Reading Time: 4 minutes

Two and a Half Men star calls his show filth

Dr. Jim Denison is the CEO of Denison Forum.
His Daily Article and podcast globally reach over 160,000 subscribers. Dr. Denison guides readers to discern today’s news—biblically. He is the author of multiple books and has taught on the philosophy of religion and apologetics at several seminaries. Prior to launching Denison Forum in 2009, he pastored churches in Texas and Georgia. He holds a Ph.D and a Master of Divinity from Southwestern Baptist Theological Seminary. Jim and his wife, Janet, live in Dallas, Texas. They have two sons and four grandchildren.

facebook twitter instagram

A screen grab from the testimony of Angus T Jones, part 1, November 25, 2012 (Credit:TheForerunner777 via YouTube)

{source}
<iframe style=”float: left; border: 1px solid #000000; background-color: #C0C0C0; padding: 2px; margin: 10px; -moz-border-radius: 3px; -khtml-border-radius: 3px; -webkit-border-radius: 3px; border-radius: 3px;” width=”400″ height=”225″ src=”http://www.youtube.com/embed/KTju7uI8-1o?rel=0″ frameborder=”0″ allowfullscreen></iframe>{/source}Nineteen-year-old actor Angus T. Jones stars as Jake Harper in the CBS sitcom “Two and a Half Men.” His show is the third most popular comedy on television, with 14.5 million viewers each week.  He has been on the show since he was 10 years old and makes $350,000 per episode.  Now he’s making headlines with the release of a video in which he calls his show “filth” and says that people should stop watching it.

Some wonder if his video is a hoax, or if he’s angry about reduced screentime in recent shows and is trying to get out of his contract.  The minister who interviewed Jones calls him a “noble young man,” but some think he’s exploiting the actorStill others call Jones a hypocrite for receiving his salary and staying on the show.  Which opinion is right?  The question is more urgent than you may think.

Here’s how Jones tells his faith story: “I have always gone to a Christian school since I was in kindergarten, but my faith was basically non-existent. . . . Two or three years ago my parents started having marital issues and started to go through the process of getting a divorce.  At the time I also started dating this girl and when I look back now I see that as a time when the enemy was trying to push me in that direction, but God knew he was going to pull me out at the last second.”  He says that “right then this cleansing phenomenon and presence came into me . . . I felt like I had just accepted God.”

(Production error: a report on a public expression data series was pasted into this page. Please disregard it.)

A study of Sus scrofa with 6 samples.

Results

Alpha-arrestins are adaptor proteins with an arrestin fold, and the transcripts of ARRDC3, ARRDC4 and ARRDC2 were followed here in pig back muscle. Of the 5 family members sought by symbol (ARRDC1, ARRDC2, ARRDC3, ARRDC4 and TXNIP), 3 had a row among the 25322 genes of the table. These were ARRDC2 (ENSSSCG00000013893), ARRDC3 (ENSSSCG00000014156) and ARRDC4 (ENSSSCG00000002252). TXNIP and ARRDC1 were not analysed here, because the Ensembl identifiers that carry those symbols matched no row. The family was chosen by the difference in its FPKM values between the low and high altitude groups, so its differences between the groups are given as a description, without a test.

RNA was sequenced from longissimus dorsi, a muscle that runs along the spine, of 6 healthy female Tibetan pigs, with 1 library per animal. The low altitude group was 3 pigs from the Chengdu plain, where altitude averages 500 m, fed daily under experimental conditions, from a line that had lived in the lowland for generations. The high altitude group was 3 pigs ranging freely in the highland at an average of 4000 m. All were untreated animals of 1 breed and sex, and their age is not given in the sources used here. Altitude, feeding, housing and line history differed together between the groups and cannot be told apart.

Now comes the comments that have created the controversy: “Please stop watching Two and a Half Men.  I’m on Two and a Half Men, and I don’t want to be on it. . . . Please stop filling your head with filth. . . . It’s bad news.  I don’t know if it means any more, coming from me, but you might not have heard it otherwise.  So just watch out.”  Will he resign from the show?  “I am under contract for another year so it is not too much of a decision on my part.  I know God has me there for a reason for another year.”

His situation is not unique: a person whose growing faith conflicts with his or her job.  Not long ago a friend in the construction business told me that his company had just been hired to built a mosque; should he work on the project or leave his job?  There are very few professions without moral dilemmas for sincere Christians.  If we stay, are we condoning what we should condemn?  If we quit, does our witness leave with us?

As the “salt of the earth,” we must leave the saltshaker and contact the culture (Matthew 5:13).  We are commissioned to “go and make disciples of all nations” (Matthew 28:19), attacking the “gates of Hades” with the good news of God’s love (Matthew 16:18).  We should seek to say with Paul, “I have become all things to all men so that by all possible means I might save some” (1 Corinthians 9:22).

In light of these biblical imperatives, what should Angus Jones do?  How can Christians engage a fallen culture without endorsing sin?  Please share your thoughts on our website.  And know that I’m grateful for your perceptive and wise comments in response to yesterday’s Cultural Commentary.  I read them with appreciation—it is a privilege to share this Forum with you.